Monday Author: Susanne Skinner
Dear Facebook Family:
Our social media relationship is special to me because we’re friends, measured in years and separated by distance. Some of us have been friends more years than we willingly admit, because it means we’re getting older. Facebook is how we reconnected and how we stay connected to share our journey—past and present.
We live too far apart to see each other regularly, but the digital world brings us the big and small aspects of our lives in real time. I love seeing photos of your kids and grandkids, your vacations and projects, the garden, beloved pets and of course you! I look forward to hearing about accomplishments, life changes, joys and concerns. Your political and religious beliefs–not so much.
It’s just that we don’t all embrace the same beliefs. Democracy and freedom of speech is the core of our country and I stand by them, but please don’t use Facebook to push your political and religious platforms. If you must, form a closed group and invite like-minded people into a shared discussion.
When it comes to politics and religion, it’s hard to keep our beliefs rational when we see online posts we disagree with. I tried it a few times and did not like myself. It’s even harder to refrain from opposing opinions, telling others why they are wrong, along with what they must think, believe and do. Flame on.
Politics and religion bring out deeply rooted points of view. Long-winded manifestos and toxic postings are setting my Facebook feed on fire. The only way to put it out is to unfriend or unfollow the poster. I’ve chosen unfollow, a decision not made lightly.
I have friends with diverse religious (and non-religious) beliefs, as well as friends on both sides of the political fence. I can disagree with them and still respect their beliefs. I just don’t want to do it on social media.
For that reason, let’s take politics off Facebook.
Facebook is for Friends
There’s enough political coverage in the mainstream media. Listen to CNN or Fox News, Become active in a local church and find political affiliations that allow you to support, promote and defend the things you believe in.
Find like-minded groups that offer ways you can rationally argue for any political party, gay marriage, gun control, and abortion with people who support your views. If getting emotional or insulting the opposing view is your thing, there are groups for that, too. Unfortunately, Facebook has become one of them
On Facebook, the second you get angry, abusive or begin pontificating, the opposition wants to discredit you. I know with certainty you will not change anyone’s mind and converting the non-believer is not really your goal. But shaming, insulting and denigrating those that disagree with you should not be your goal either.
Political and religious influence on Facebook is non-existent when others do not share your beliefs.
Are You Breaking Up with Me?
Kinda. Sorta. Yes. I’d like to say it’s not you, it’s me; but the truth is, it’s both of us. You’re telling me what to do and I’m not listening.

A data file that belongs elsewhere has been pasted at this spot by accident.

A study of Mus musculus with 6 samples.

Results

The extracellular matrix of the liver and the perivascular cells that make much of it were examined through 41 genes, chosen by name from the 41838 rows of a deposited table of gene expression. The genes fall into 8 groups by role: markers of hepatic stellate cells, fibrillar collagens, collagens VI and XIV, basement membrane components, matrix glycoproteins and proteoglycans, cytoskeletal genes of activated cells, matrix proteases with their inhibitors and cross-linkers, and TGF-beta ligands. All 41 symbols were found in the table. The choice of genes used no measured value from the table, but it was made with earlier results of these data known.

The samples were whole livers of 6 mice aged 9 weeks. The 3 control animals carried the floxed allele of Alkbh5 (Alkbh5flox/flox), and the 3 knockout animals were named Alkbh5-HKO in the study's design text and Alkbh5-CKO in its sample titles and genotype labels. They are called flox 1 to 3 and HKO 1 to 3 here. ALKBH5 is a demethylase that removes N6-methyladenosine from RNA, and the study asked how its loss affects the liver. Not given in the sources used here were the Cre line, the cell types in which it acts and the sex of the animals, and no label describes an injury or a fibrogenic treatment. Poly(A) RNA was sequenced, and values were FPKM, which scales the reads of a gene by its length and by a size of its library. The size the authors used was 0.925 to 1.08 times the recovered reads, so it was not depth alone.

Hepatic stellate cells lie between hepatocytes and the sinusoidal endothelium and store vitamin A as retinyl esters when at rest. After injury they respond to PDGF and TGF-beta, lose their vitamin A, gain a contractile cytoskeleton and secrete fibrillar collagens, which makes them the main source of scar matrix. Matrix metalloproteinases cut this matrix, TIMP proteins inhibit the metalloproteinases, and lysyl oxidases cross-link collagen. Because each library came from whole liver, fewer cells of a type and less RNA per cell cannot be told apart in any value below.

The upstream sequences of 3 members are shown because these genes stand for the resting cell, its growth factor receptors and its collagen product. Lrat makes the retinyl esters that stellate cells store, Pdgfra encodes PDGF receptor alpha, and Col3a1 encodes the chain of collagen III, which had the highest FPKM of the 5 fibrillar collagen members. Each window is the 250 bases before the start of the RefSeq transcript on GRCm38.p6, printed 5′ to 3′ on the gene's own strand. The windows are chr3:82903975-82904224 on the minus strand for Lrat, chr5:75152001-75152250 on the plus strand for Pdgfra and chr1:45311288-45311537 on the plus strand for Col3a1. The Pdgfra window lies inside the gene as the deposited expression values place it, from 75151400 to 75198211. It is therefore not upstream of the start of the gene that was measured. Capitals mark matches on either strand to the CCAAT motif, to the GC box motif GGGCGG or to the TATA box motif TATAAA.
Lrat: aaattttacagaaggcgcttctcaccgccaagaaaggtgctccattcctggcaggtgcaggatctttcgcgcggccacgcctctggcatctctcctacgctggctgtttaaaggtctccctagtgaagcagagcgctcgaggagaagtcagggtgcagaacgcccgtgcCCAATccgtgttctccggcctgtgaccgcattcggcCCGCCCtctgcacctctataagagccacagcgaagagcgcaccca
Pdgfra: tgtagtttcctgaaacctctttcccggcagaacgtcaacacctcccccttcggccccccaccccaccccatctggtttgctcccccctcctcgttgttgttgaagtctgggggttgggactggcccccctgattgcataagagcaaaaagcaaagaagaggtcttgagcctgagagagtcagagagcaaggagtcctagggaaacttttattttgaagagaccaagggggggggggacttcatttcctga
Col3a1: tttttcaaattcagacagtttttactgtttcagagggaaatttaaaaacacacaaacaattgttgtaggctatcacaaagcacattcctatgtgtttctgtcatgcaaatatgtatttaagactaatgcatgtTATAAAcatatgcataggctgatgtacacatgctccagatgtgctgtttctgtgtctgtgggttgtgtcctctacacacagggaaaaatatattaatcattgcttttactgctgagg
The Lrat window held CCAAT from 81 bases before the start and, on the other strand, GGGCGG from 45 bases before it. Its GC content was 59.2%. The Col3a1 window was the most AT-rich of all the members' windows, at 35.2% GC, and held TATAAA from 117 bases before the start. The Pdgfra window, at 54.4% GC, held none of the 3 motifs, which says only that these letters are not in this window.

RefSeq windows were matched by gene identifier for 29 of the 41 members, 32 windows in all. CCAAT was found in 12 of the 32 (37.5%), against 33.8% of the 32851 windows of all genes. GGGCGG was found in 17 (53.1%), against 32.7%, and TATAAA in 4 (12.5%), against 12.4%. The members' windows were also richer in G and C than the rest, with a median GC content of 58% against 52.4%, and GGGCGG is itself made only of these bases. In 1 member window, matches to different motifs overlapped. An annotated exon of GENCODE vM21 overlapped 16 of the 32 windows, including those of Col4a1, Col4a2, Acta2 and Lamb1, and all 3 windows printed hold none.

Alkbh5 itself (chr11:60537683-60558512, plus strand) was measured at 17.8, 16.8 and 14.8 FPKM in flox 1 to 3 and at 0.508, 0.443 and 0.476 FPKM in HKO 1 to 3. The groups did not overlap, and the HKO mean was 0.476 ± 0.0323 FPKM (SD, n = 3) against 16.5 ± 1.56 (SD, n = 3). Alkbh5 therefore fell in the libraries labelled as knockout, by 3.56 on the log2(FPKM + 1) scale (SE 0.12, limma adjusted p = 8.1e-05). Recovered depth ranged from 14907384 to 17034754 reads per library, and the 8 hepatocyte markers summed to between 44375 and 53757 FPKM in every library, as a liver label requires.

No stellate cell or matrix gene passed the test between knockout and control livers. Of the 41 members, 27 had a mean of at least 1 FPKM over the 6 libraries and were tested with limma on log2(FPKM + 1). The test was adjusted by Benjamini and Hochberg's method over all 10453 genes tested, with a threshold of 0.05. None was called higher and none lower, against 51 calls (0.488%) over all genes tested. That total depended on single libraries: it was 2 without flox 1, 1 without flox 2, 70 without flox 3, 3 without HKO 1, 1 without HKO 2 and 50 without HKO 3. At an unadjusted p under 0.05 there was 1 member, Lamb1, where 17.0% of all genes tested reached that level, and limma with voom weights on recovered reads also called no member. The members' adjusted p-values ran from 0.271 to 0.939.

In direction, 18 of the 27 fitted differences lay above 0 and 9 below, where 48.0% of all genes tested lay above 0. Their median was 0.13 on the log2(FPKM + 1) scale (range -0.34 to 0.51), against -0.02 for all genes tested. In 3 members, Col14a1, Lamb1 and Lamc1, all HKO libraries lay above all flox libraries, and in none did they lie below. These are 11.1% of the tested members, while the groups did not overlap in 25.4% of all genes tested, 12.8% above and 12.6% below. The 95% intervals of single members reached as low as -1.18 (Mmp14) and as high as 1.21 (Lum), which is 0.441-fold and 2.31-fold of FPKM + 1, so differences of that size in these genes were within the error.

If your posts are limited to regular political or religious rants and manifestos, I no longer wish to see them in my feed. Like Whitney Houston, I will always love you, but I have unfollowed you. We’re still friends (hopefully), and I will defend your right to have and express your opinion, even when it differs from mine. I just don’t want my Facebook feed acting as a political platform—even if I agree with you. You can continue to do it—I just won’t see or hear you. Sadly, this means I may also miss your non-political posts.
Politics and religion are volatile subjects, and chances are because we are friends, we share many of the same opinions, concerns and hopes. If we have been friends a long time, we have likely discussed and argued our points of view with deep conviction over a glass of wine—or two.
However, my social media family is widely diversified, and not everyone shares the same beliefs. That’s OK, because politics and religion are not the reasons I am a Facebook subscriber. I’m here because we’re friends who want to stay connected by the things that made us friends in the first place.
Make Facebook Great Again
I love a good meme, funny cartoon or well-written (non-inflammatory) article, and that includes those with political or religious overtones because they are informative rather than offensive. When they offer intelligent or humorous reading, it broadens my thinking without forcing anyone’s thinking on me. I also enjoy a good cat video and any recipes you want to share.
If your actual profession is a pastor or local town or government official, I am always interested in your life and work. Those postings do not offend me; they remind me why I admire you and reinforce the many reasons we became friends.
Facebook is not a battleground—it’s about maintaining friendships, not destroying them. You will never change anyone’s religious or political beliefs on Facebook and you should not try.
Arguing and debating is a waste of time and in the process, the poster often reveals him or herself to be a poorly informed fool. People believe different things. Accept it, agree to disagree and move on.
If you want change, let your vote be your voice.